RARE Daily

Food for Thought

August 24, 2022

There’s been a lot of discussion about rising prices at the grocery store, but imagine paying $13 for a box of spaghetti, $15 for a loaf of bread, or $18 for a two-pound bag of flour. That’s the reality for people with the rare metabolic condition phenylketonuria, who must rely on medical formula and medical foods to avoid protein they are unable to properly break down.

Kala McWain’s son Braxton was only a few days old when he was diagnosed with phenylketonuria (PKU) through newborn screening. People with the condition PKU have a deficiency of phenylalanine hydroxylase (PAH), an enzyme that is needed to metabolize Phe, an essential amino acid that is present in most protein-containing foods. In the absence of adequate PAH, Phe accumulates in the blood and becomes toxic to the brain. It can cause a variety of complications including severe intellectual disability, seizures, tremors, behavioral problems, and psychiatric symptoms. Though there are existing therapies on the market, Braxton is unable to use them because of his age and his particular type of PKU.

In addition to caring for Braxton, now 2, McWain spends her time fighting with insurance companies and lobbying lawmakers. Like other people with PKU, Braxton relies on medicinal formula and medical foods to get nourishment his body needs without being exposed to Phe. Formula can cost $1,000 a month and medical foods are four to five times the cost of their everyday counterparts. The problem is that it is insurance companies, not doctors, who make the determination about the medical necessity of these items. It’s a fact that has turned McWain into a patient advocate.

As the current legislative session moves into its final months, McWain has been meeting with staff of her two senators and her congressional representative in Wyoming with the hope of winning their support for the Medical Nutrition Equity Act, legislation that would require insurance companies to extend the same type of coverage they have for drugs to medical foods. The need extends beyond people with PKU, who must adhere to a lifelong regimen of medical formulas and foods, but also to people with other inborn errors of metabolism, as well as more common digestive diseases. Current laws vary state-by-state with 38 states having some type of legislation in place, but it is inconsistent.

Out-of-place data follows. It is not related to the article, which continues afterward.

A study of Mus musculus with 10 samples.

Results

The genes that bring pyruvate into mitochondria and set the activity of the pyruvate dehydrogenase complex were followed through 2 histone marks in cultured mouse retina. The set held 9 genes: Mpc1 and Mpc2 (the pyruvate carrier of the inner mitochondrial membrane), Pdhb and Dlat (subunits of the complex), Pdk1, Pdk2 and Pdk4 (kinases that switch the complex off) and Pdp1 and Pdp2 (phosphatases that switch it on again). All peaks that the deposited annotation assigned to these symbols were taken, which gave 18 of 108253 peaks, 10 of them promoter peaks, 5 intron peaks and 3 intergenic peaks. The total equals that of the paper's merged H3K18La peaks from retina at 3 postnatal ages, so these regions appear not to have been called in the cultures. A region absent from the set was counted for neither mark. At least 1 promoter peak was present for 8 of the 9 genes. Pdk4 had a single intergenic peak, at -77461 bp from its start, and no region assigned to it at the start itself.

“There’re people who get divorced because coverage would be better. There’re people that have moved states because there’s better coverage in a different state. There’re people who leave their dream jobs or are stuck in a job they’re miserable in because of the coverage they have,” said McWain, who lives in Casper, Wyoming today, where her husband works in the oil and gas industry. “I’m originally from Wisconsin. If we moved back to Wisconsin, we would have free formula from the state. We would have a portion of free medical foods from the state, and all of our labs would be covered by the state. But at this point we pay for everything subject to deductible or don’t have coverage at all.”

Insurance companies generally don’t cover medically necessary nutrition. When they do, they sometimes require that the formulas be administered through a nasogastric tube, or through a surgically placed tube directly into the stomach, according to Patients & Provider for Medical Nutrition Equity, a group of about 40 patient and physician organizations supporting passage of the Medical Nutrition Equity Act.

The act would require public and private insurance cover medically necessary foods as a treatment option. It would only cover patients for whom medically necessary nutrition is used as a treatment. Proponents note that there is precedent for such action. In 2016, Congress passed legislation that provided medical nutrition coverage for military families covered under TRICARE, the healthcare program for service members and their families.

Sarah Chamberlin, executive director of National PKU News said while efforts to pass the Medical Nutrition Equity Act or similar legislation have persisted for about ten years, people haven’t appreciated the need given the obscurity of conditions like PKU. The recent infant formula shortage, though, has helped create some newfound appreciation.

“For better or for worse, the formula crisis has helped us because I took my can of formula off my desk and took it to my congresswoman’s office yesterday and held it up because now Americans and legislators understand the value of that white powder in a can,” she said. “They understand that it is essential for life and that’s where we’ve been able to make inroads and say, “Okay, now you got it for all the newborns. You need to understand that our community uses this for life. We don’t just use it for nutrition, but we use it for medical treatment.

Representative James McGovern, D-Massachusetts, is the lead democratic sponsor in the house. He is also involved in the White House Conference on Hunger, Nutrition, and Health that’s scheduled for the end of September. Advocates have been working with his staff and people at the U.S. Department of Health and Human Services to get medical nutrition on the agenda and Chamberlin is hoping proponents of the bill will be able to capitalize on that and use momentum from the event to get the legislation passed.

In the meantime, McWain, Chamberlin, and other advocates have been paying visits to the representatives during the August recess. In the past, she’s brought a one-pager and a can of formula, but now she’s brining her daughter who has PKU to these meetings, to show them what this is about.

“You were able to see in the baby formula shortage all those cute babies, all those newborns, and all those parents driving around, searching the shelves. There was that human face on it,” she said. “If we can put our human faces on it and put our stories together, I think there’s a chance that we can move it along this term.”